As the state Legislature works on a new state budget, a coalition of social needs and activist groups are asking for an increase of spending of $400 million.

AUGUSTA, Maine — In her budget speech to the state Tuesday night, Governor Janet Mills said she is pushing for a kind of stay-the-course budget, as Maine slowly recovers from the economic damage of the COVID pandemic.

“My budget proposals do their best to hold spending steady and protect public health and education during the pandemic,” Mills said during the televised speech.

The Legislature has actually been working on the budget for weeks, as they look to balance the budget in the face of a projected $400 million decline in tax revenues over the coming two years.

But that isn’t stopping a dozen advocacy and activist groups from pushing for more funding for social program needs. The coalition of groups sent a letter to the Legislature Wednesday, urging lawmakers to increase spending by an equal $400 million to better fund those programs.

“We would argue that if our long term goal is to make Maine be the best Maine it can be we really need to be willing to acknowledge we've come up short in a lot of the areas and now is the time to secure the resources to live up to those criteria,” said Garrett Martin of the Maine Center for Economic Policy, the lead organization in the coalition.

He said schools, people with intellectual disabilities, and other groups need added state support. 

Jess Maurer said Maine seniors are at the top of the list. Maurer runs the Maine Council on Aging and said critical services that help keep seniors in their homes—from Meals on Wheels to direct care workers—urgently need more funding.

“So we have to make a decision right now, in this legislative session,” said Maurer. “Are we going to let people who need services to get out of bed, to get fed, get their— are we going to let them go without service? If not we need to do something drastic and that is going to involve significant investment.”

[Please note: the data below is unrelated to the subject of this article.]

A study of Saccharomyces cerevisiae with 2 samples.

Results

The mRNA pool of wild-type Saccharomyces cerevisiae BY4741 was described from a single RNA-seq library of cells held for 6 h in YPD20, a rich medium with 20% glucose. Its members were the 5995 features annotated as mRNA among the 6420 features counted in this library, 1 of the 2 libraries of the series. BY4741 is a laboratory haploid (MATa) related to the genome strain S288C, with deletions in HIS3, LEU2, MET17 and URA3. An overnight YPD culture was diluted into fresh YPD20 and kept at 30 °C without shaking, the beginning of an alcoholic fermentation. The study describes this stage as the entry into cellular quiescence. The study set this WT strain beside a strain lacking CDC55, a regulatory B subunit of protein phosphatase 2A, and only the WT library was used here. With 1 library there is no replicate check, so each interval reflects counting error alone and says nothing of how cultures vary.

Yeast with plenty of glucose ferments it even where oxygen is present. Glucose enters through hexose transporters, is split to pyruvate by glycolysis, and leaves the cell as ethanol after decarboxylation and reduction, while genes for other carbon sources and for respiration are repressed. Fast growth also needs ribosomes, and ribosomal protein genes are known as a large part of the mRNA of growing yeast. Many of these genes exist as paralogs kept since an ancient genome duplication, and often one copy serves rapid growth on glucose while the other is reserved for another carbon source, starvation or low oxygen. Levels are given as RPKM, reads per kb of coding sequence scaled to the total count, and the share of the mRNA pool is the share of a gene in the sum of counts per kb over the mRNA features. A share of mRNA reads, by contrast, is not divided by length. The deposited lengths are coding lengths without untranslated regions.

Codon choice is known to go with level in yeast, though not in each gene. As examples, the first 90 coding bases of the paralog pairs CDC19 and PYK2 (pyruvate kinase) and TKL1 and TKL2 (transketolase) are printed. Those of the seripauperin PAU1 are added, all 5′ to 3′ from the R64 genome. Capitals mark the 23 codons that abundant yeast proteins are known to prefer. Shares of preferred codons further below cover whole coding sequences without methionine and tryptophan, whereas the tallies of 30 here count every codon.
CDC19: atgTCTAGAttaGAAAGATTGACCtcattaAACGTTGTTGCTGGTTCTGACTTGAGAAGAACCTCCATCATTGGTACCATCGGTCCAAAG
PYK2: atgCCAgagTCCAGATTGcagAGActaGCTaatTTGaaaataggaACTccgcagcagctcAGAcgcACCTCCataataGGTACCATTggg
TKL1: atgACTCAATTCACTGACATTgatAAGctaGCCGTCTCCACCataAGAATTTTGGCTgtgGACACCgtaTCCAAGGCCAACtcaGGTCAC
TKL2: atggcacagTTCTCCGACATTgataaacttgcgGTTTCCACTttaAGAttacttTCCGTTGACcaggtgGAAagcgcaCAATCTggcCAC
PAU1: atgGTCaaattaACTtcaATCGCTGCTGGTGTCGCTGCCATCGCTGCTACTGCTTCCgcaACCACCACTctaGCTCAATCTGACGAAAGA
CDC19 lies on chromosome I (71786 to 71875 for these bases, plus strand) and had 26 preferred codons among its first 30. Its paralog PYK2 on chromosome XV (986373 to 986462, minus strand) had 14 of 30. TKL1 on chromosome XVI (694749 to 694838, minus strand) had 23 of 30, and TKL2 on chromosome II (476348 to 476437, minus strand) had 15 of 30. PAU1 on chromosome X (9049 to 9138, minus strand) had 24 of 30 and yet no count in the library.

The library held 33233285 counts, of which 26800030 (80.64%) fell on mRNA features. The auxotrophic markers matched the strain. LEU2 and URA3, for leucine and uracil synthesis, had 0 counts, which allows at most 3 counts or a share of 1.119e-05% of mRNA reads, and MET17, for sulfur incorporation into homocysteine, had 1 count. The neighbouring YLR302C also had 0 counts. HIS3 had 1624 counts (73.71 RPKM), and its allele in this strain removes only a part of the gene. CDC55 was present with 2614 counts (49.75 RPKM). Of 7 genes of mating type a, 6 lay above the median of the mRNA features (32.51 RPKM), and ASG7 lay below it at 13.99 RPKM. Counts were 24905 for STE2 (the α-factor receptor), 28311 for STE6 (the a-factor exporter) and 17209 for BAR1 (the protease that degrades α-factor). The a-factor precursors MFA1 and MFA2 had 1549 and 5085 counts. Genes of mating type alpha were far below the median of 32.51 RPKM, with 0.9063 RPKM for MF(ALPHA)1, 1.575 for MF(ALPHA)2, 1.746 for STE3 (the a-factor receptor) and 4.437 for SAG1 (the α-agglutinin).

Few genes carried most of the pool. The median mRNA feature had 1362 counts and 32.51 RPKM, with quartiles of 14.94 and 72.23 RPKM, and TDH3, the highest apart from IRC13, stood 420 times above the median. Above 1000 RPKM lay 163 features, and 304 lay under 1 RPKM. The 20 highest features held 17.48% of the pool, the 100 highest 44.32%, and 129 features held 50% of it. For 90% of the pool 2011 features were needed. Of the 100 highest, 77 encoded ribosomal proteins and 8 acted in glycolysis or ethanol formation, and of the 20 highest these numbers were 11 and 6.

Martin and the others in the coalition advocate for the Legislator to reverse some of the state tax cuts made over the past ten years and increase taxes on higher-income residents, in particular. He said that can raise the $400 million the groups say is needed. 

That may prove to be a tough sell with the Legislature, where any tax increase is likely to provoke a battle. 

“It doesn’t really matter what the moment is, Increasing taxes is a challenge, no matter what the circumstances,” said Sen Cathy Breen (D-Falmouth) co-chair of the Appropriations Committee.

Also, it would need to get support from the Governor, who has said multiple times she doesn’t support raising taxes. 

Garrett Martin said it’s a mistake for Maine to not fund needed services because would make us look like a high tax state. 

“What’s good for Maine’s image is making sure we secure the resources we need to support strong communities and invest in our people.”